1. Sotoodeh Abhary1,
  2. Mari Botti2,
  3. Anjali Dhulia3,
  4. Christopher Tham4,
  5. Erwin Loh5,6,
  6. John Catford7
  1. 1 Royal Australasian College of Medical Administrators, Hawthorn East, Victoria, Australia
  2. 2 School of Nursing and Midwif., Faculty of Health, Deakin University, Geelong, Melbourne, Australia
  3. 3 Executive Office, Monash Health, Clayton, Victoria, Australia
  4. 4 School of Medicine, Monash University, Clayton, Victoria, Australia
  5. 5 Australian Institute of Health Innovation, Macquarie University, Sydney, New South Wales, Australia
  6. 6 Group Chief Medical Officer, St Vincent's Health Australia, East Melbourne, Victoria, Australia
  7. 7 Medical Services, Epworth HealthCare, Richmond, Victoria, Australia
  1. Correspondence to Dr Sotoodeh Abhary, Royal Australasian College of Medical Administrators, Hawthorn East VIC 3144, Australia; drsueabhary{at}


Purpose To explore factors impacting the health and well-being of doctors undertaking various specialty training programs, and attitudes towards and utilisation of supports during their training. This is a subset of data from a larger study exploring experiences of doctors in Australian specialty training—a qualitative study of enablers, stressors and supports.

Methods In this qualitative study, registrars in specialist training programmes in Australia were invited and interviewed between August 2015 and August 2016. Semistructured open-ended questions were used to explore topics of relevance to their workplace, training, support service utilisation and personal lives. Interviews were transcribed verbatim, deidentified and content and thematic analysis undertaken. Recruitment was ceased when data saturation was reached and no new themes emerged. Emerging key themes are reported in this study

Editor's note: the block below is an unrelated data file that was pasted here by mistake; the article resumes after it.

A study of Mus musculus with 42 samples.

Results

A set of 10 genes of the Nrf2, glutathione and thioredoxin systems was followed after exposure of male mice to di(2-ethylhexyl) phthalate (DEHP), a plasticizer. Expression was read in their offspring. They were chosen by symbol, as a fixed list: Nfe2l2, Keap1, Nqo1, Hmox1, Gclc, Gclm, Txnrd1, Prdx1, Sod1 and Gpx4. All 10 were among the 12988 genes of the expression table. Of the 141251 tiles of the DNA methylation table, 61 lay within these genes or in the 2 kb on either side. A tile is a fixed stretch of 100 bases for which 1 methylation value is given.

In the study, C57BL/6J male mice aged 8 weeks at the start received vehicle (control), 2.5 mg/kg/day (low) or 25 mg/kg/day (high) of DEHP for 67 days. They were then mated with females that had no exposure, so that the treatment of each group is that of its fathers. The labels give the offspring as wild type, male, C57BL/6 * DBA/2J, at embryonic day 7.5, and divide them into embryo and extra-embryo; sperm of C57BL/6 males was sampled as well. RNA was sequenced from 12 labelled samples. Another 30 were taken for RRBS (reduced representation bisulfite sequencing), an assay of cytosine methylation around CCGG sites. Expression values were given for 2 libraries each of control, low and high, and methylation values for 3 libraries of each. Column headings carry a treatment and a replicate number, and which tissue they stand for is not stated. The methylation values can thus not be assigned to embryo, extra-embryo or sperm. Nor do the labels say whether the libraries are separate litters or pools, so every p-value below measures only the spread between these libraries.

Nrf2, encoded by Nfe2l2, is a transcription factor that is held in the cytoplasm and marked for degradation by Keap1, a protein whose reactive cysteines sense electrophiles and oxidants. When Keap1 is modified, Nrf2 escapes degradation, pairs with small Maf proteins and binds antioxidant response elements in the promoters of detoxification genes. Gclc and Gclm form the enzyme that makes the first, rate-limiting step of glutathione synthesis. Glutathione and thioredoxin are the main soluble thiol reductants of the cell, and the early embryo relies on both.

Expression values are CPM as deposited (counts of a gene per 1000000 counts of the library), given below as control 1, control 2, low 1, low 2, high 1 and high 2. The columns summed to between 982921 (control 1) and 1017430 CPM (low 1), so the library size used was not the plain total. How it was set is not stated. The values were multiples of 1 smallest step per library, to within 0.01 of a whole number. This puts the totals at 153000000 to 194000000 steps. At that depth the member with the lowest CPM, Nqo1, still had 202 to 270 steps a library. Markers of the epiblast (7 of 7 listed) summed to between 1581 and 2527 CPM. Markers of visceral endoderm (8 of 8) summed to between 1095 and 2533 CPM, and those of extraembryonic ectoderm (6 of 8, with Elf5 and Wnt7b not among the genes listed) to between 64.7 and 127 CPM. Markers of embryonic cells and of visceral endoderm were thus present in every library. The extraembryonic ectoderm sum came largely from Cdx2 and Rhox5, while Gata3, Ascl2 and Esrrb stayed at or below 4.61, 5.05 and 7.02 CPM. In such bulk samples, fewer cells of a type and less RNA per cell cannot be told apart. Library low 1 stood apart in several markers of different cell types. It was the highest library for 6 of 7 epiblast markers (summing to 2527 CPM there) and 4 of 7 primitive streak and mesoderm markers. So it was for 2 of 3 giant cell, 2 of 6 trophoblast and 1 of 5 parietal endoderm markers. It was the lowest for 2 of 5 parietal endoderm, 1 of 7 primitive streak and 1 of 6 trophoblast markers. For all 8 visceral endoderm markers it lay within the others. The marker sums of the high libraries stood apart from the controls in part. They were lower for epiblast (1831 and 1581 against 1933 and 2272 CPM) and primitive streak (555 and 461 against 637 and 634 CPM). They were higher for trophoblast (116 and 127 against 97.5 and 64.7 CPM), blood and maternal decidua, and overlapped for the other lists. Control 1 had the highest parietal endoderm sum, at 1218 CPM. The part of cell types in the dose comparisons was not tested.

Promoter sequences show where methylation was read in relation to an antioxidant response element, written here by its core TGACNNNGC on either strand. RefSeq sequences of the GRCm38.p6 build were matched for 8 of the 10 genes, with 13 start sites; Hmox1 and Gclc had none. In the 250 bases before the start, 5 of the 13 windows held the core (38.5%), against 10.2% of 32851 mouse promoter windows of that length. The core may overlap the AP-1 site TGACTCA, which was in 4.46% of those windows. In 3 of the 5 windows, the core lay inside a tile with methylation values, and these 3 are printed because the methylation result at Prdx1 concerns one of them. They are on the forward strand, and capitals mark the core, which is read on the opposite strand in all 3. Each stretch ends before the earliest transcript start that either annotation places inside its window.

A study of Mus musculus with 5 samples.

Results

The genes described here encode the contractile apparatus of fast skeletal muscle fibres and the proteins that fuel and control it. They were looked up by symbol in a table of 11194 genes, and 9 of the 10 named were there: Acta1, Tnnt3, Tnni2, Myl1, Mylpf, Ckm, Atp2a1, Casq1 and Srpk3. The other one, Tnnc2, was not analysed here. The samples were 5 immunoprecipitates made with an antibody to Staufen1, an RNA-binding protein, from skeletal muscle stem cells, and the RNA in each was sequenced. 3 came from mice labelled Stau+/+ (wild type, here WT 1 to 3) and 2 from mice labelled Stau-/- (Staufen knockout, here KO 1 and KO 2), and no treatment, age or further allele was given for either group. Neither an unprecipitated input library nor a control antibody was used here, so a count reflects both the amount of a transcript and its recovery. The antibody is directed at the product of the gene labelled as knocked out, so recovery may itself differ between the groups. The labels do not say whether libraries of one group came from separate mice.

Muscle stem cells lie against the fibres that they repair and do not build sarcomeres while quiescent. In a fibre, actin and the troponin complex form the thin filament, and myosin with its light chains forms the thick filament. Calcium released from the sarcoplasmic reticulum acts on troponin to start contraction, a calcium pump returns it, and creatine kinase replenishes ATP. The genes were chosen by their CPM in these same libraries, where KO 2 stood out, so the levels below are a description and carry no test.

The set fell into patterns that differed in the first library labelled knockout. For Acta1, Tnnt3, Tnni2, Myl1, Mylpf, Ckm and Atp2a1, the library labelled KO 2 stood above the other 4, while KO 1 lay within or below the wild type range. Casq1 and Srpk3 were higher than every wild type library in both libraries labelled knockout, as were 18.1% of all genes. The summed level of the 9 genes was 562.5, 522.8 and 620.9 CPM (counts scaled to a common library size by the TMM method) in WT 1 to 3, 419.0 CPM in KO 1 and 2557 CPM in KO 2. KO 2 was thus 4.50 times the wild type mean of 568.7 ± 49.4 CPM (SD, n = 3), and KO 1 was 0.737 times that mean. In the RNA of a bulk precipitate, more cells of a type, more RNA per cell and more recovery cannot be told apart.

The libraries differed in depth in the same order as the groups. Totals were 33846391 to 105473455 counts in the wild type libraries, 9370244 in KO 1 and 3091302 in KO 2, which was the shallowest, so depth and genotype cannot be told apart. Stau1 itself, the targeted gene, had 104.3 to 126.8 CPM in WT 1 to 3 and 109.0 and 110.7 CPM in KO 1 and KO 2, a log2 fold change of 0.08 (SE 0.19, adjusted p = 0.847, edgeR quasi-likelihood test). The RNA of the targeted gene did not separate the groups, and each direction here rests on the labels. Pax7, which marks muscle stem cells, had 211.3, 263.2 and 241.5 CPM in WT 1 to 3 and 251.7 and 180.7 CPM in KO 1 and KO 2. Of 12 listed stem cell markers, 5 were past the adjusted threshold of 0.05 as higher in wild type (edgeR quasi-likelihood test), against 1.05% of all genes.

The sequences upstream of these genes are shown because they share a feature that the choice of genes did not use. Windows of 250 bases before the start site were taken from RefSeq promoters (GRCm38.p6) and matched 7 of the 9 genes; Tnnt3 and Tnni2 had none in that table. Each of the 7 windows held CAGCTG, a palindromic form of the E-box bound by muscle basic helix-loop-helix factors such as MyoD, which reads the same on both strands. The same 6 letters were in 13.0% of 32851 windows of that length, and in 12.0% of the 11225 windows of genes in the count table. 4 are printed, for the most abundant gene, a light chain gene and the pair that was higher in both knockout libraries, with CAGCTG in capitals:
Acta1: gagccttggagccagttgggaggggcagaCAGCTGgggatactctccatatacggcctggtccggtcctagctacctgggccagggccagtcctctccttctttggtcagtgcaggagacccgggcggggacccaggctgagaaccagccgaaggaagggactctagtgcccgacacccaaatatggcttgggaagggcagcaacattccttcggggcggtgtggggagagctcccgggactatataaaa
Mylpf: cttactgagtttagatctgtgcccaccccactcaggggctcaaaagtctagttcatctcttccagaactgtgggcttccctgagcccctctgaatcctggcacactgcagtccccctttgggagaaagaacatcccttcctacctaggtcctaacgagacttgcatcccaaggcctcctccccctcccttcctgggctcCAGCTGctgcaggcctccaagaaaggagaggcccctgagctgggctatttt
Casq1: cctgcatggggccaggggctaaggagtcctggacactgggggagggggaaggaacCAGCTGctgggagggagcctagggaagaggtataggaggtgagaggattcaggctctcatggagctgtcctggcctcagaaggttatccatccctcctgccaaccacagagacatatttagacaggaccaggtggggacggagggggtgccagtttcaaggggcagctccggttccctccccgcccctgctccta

Results 17 participants were recruited (including 1 Indigenous and 1 international medical graduate). A total of six specialty training programmes, across multiple states at various locations across Australia, were represented.

Common themes impacting health and well-being regarding workplace and training stressors were identified, including poor supervision, shiftwork and on-call, inability to take sick leave, bullying and harassment, college-related factors, examination preparation and work–life imbalance. Several of these were identified as having actual and perceived negative impacts on patient outcomes and safety.

The majority of participants underused existing supports and were unaware of the breadth of support services available to them. Barriers to accessing these services included concerns about their confidentiality and career repercussions.

Conclusions This first Australian pilot study highlighted many stressors and enablers in the workplace, training and personal lives of registrars. The underutilisation and barriers to access of support services were discovered. Several multisystem strategies are required and discussed in this report to address these complex issues identified as affecting the health and well-being of junior doctors.

  • mental health
  • trainees
  • medical leadership
  • behaviour
  • support

Data availability statement

Data are available upon reasonable request.


Data are available upon reasonable request.


  • Funding This study was supported by a ’grant in aid’ from the Avant Doctor In Training Research Scholarship Program.

  • Competing interests None declared.

  • Provenance and peer review Not commissioned; externally peer reviewed.